It’s Friday evening and I hear my inner critic saying, “You should go to the gym. Don’t be so lazy.” I counter with, “But I have other work to do at home tonight. I’ll go to the gym tomorrow.” The critic quiets down as I settle in and start typing up the minutes from a recent church meeting. Every now and again, he gets his two cents in: “You really should have gone to the gym” — “You’re getting really loose in the middle. Some abdominal work would help.” — “At least do something physical today!” I momentarily wonder whether it’s my critic I’m hearing or my body telling me it wants to move around. But, I decide it’s just my critic. My body actually feels sore from the workouts of the previous two days. *sigh* Sometimes it’s all I can do to just ignore that nagging voice.
It occurs to me that I often hear myself saying, “I feel fat”. Last week, I had the opportunity to attend the American Counseling Association conference in San Francisco where I attended ten workshops. In one of them, I was reminded of the non-feeling words that clients (myself included) often use as feelings words, “I feel fine.” or “I’m good.” or “I feel okay.” or “I feel fat.” Fine, good, okay, fat…these aren’t emotions. As a counselor, I aim to increase my clients’ emotion vocabulary to include more descriptive words: frustrated, annoyed, disappointed, hurt, guilty, disgusted, ashamed, embarrassed, frightened, exhausted. I even provide my clients with a list of feeling words to choose from. So, I’m wondering now what I’m really feeling when I hear myself saying, “I feel fat”. Could it be that I really feel…unstimulated? uninspired? guilty? ashamed?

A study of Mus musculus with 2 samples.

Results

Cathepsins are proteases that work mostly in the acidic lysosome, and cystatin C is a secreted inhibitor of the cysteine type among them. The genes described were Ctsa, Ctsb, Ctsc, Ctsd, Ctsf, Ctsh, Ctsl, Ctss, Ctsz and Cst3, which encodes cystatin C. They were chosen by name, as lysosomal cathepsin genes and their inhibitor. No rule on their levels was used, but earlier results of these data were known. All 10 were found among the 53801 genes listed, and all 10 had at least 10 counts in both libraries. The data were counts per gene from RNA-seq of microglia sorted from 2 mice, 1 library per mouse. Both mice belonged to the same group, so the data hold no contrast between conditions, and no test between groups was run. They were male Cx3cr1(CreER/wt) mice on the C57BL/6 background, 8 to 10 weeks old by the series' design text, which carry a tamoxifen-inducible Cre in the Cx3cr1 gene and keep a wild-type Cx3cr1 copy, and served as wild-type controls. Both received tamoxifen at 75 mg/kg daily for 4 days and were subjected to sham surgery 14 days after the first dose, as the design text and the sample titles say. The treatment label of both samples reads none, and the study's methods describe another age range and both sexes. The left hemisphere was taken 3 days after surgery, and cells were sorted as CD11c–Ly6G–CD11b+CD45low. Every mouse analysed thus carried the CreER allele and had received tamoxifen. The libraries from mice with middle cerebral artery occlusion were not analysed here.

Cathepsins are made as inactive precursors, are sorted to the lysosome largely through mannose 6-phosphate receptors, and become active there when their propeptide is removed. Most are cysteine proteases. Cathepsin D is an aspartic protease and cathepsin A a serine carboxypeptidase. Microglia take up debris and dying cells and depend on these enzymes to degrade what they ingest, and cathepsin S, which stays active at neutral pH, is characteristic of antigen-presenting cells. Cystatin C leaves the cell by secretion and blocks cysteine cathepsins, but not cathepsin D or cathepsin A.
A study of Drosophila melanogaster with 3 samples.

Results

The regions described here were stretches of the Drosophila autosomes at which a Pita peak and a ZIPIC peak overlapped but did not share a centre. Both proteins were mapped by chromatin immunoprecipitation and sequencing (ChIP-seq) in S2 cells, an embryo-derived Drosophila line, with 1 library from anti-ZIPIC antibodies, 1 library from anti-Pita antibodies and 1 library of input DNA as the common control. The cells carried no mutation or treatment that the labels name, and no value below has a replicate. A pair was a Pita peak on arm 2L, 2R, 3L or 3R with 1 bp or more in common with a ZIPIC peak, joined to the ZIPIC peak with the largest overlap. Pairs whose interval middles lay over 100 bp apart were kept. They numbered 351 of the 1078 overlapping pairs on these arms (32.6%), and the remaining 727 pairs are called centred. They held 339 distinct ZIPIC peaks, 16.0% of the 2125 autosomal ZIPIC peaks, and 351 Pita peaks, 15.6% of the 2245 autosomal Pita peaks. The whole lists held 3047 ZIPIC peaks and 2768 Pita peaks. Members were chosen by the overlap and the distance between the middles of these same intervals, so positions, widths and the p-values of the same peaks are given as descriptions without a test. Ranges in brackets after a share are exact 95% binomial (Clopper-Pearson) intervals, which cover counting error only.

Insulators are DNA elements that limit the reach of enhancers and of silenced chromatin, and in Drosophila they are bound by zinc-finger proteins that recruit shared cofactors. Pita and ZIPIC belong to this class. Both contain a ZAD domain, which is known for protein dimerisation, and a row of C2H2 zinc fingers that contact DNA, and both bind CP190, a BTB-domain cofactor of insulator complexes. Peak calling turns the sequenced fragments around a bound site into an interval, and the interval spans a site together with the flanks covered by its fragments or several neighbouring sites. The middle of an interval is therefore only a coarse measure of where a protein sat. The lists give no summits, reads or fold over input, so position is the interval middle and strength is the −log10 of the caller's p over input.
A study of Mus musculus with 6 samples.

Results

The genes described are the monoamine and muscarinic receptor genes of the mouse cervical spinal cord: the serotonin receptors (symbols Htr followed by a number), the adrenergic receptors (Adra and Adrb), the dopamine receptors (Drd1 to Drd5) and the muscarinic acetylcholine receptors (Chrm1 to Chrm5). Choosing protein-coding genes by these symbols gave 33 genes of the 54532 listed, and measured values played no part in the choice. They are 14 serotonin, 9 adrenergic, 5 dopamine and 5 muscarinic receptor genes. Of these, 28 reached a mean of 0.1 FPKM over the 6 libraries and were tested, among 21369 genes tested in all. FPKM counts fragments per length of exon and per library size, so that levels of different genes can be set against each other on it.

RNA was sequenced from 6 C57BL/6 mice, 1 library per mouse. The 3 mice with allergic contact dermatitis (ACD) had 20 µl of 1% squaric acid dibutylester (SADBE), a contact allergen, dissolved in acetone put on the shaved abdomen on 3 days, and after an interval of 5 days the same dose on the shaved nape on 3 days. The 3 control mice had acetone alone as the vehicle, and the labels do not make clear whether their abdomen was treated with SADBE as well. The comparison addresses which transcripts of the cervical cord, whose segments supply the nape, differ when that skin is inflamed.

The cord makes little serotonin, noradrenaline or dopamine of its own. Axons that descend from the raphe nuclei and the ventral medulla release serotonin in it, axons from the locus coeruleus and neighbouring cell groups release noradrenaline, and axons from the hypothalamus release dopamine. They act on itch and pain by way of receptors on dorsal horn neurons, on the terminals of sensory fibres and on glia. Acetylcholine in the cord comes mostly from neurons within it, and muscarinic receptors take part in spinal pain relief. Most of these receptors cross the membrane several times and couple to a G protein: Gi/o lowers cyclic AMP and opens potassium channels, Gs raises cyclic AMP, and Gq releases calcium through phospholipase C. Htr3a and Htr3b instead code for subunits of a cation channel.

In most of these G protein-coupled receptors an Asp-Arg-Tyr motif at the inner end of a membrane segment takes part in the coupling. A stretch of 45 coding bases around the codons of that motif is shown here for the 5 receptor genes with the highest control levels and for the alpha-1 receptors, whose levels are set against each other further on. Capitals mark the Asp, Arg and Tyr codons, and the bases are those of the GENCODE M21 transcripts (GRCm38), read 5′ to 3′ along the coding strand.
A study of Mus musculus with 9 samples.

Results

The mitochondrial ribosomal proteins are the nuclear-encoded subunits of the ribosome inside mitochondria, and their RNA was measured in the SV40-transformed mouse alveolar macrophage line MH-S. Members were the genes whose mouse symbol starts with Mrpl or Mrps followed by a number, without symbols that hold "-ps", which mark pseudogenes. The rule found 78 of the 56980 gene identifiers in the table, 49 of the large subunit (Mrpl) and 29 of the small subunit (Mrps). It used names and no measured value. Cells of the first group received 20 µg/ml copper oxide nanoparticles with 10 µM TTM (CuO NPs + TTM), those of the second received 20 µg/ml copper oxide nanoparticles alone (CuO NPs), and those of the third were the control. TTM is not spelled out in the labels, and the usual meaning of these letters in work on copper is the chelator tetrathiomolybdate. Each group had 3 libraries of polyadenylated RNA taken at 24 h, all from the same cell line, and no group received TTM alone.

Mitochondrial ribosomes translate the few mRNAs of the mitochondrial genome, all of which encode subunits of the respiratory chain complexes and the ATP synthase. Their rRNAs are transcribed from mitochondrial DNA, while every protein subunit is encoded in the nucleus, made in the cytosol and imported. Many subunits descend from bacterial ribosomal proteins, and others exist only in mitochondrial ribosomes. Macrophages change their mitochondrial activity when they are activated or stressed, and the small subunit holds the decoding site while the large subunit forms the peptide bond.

I would bet, just from my work with others, that some of my readers use words like “fine”, “good”, “okay”, or “fat” when they really mean something deeper, more nuanced. If we can get in touch with the real emotion behind the vague label, we are more likely to be able to do something about it such as: use healthy distraction (writing, creating something, gardening, calling a friend); identify the thoughts that are running through our head when we feel that way; do some deep breathing while repeating a positive statement such as “I am doing the best I can”; practice “radical acceptance” of the emotion, telling ourselves that the emotion is not good or bad, it just IS.
What are you feeling tonight? What are some ways you can cope with those feelings?
Peace, health, and descriptive feelings!